Mount Unzen’s 1792 Eruption Was Japan’s Deadliest Volcanic Disaster
Mount Unzen is a volcanic group in the island of Kyushu, Japan. It is situated on the Shimabara Peninsula, about 25 miles east of Nagasaki. Unzen has several lava domes – mounds atop volcanoes, resulting from the accumulation of slow seeping lava, which cools and solidifies before flowing very far. On May 21st, 1792, a volcanic eruption caused one of those lava domes to fall into the sea, resulting in a tsunami and earthquake that caused considerable devastation and loss of life.
It began months earlier, in late 1791, with tremors and earthquakes on the western side of Mount Unzen, which gradually made their up to one of its volcanic peaks. In February of 1792, one of those began erupting, causing lava to flow for the next two months. In the meantime, the earthquakes and tremors continued, until the night of May 21st, 1792, when two big quakes hit. They were powerful enough to shake one of the lava domes loose, causing it to collapse down the eastern side of the mountain. That triggered a landslide, which swept through the city of Shimabara down below, and continued on to Ariake Bay.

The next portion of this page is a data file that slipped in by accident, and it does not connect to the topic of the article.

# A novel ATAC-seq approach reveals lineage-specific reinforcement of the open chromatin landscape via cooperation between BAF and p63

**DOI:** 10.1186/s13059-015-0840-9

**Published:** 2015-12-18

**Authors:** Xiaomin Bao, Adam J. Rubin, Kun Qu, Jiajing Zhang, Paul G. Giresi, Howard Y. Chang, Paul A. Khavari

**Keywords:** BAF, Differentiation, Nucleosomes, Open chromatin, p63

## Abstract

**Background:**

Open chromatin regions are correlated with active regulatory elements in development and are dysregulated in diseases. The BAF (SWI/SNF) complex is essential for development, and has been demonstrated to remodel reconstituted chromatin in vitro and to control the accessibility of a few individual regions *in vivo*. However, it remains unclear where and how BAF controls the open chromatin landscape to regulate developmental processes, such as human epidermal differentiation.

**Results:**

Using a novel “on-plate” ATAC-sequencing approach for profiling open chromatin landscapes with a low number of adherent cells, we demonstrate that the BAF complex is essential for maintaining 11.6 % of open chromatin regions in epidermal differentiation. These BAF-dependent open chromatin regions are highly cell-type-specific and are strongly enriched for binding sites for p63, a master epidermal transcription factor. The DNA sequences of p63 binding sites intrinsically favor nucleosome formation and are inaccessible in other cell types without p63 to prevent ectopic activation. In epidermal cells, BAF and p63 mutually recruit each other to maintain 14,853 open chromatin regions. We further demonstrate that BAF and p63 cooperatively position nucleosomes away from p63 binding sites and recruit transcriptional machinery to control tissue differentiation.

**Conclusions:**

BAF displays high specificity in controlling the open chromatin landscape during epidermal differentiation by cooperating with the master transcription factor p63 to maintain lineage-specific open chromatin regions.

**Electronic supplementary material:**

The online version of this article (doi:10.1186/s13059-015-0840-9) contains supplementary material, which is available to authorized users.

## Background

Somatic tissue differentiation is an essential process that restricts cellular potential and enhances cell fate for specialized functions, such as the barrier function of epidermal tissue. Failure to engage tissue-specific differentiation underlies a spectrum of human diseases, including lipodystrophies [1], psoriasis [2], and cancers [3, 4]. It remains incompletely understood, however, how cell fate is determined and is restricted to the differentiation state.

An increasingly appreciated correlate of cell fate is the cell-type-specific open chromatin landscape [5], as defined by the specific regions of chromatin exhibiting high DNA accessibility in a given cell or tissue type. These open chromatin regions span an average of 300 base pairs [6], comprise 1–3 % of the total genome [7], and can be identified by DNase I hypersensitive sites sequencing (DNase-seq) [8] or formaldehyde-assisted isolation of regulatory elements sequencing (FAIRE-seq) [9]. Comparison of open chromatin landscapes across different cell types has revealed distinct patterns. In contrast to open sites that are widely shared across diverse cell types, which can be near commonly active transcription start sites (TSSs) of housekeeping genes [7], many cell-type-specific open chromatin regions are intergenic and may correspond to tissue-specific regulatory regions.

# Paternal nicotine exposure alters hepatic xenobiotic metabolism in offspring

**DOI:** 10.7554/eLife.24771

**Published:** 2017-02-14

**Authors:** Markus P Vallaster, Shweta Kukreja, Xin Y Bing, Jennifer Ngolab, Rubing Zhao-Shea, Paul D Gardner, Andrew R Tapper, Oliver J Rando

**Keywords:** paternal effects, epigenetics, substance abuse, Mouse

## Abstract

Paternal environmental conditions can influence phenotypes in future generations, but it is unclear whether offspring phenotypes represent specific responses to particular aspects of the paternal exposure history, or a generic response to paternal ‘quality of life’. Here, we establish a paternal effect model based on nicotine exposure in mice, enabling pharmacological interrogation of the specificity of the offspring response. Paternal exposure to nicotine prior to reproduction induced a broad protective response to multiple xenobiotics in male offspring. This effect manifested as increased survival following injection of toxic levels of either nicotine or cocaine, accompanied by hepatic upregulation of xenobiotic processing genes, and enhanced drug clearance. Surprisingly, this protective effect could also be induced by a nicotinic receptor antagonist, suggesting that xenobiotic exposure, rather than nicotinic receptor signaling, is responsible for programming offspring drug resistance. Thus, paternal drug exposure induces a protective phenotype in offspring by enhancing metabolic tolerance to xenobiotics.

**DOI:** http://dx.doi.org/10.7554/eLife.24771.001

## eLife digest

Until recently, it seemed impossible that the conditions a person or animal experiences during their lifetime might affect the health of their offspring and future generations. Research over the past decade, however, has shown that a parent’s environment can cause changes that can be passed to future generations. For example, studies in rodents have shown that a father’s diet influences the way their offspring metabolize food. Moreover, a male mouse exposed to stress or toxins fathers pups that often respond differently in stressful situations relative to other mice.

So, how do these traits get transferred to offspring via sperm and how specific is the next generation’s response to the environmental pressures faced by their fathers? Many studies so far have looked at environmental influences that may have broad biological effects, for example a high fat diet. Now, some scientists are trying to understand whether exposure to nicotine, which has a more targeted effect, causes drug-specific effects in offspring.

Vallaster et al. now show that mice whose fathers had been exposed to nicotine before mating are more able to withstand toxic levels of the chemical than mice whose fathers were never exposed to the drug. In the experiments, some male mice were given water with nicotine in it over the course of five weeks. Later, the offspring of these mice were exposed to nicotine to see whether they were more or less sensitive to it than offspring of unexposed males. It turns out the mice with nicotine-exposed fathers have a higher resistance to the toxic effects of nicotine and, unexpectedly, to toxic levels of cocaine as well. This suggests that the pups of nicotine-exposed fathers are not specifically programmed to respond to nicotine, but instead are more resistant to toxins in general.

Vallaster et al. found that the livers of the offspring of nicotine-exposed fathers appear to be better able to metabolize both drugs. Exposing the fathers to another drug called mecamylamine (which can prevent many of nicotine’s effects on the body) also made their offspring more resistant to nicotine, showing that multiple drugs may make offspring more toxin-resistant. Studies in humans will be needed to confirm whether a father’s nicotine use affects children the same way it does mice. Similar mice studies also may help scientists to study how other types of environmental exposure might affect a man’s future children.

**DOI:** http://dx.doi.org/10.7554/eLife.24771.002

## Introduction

When the landslide struck the water, it caused a mega tsunami, with waves nearly 70 feet high, rising up to 187 feet high in some places because of the seabed’s topography. The tsunami travelled across Ariake Bay, until it hit the city of Higo on the other side, where it caused widespread devastation. It then bounced back across the bay, and hit the city of Shimabara, where the dust had still not settled from the landslide that had swept through it and triggered the tsunami in the first place. About 15,000 people were killed in the disaster, making it Japan’s deadliest volcanic eruption.
Of the roughly 15,000 dead, about 5000 were estimated to have been killed in the landslide that swept through Shimabara city. Another 5000 were estimated to have been killed by the ensuing tsunami when it reached Higo, across the bay from Shimabara. And another 5000 were estimated to have been killed when the tsunami bounced back from Higo, recrossed the bay, and struck Shimabara. Because the eruption happened on Mount Unzen, in the Shimabara Peninsula, but many deaths from the ensuing tsunami occurred in Higo, about 15 miles away across the Ariake Bay, the Japanese coined a phrase: Shimabara erupted, Higo affected.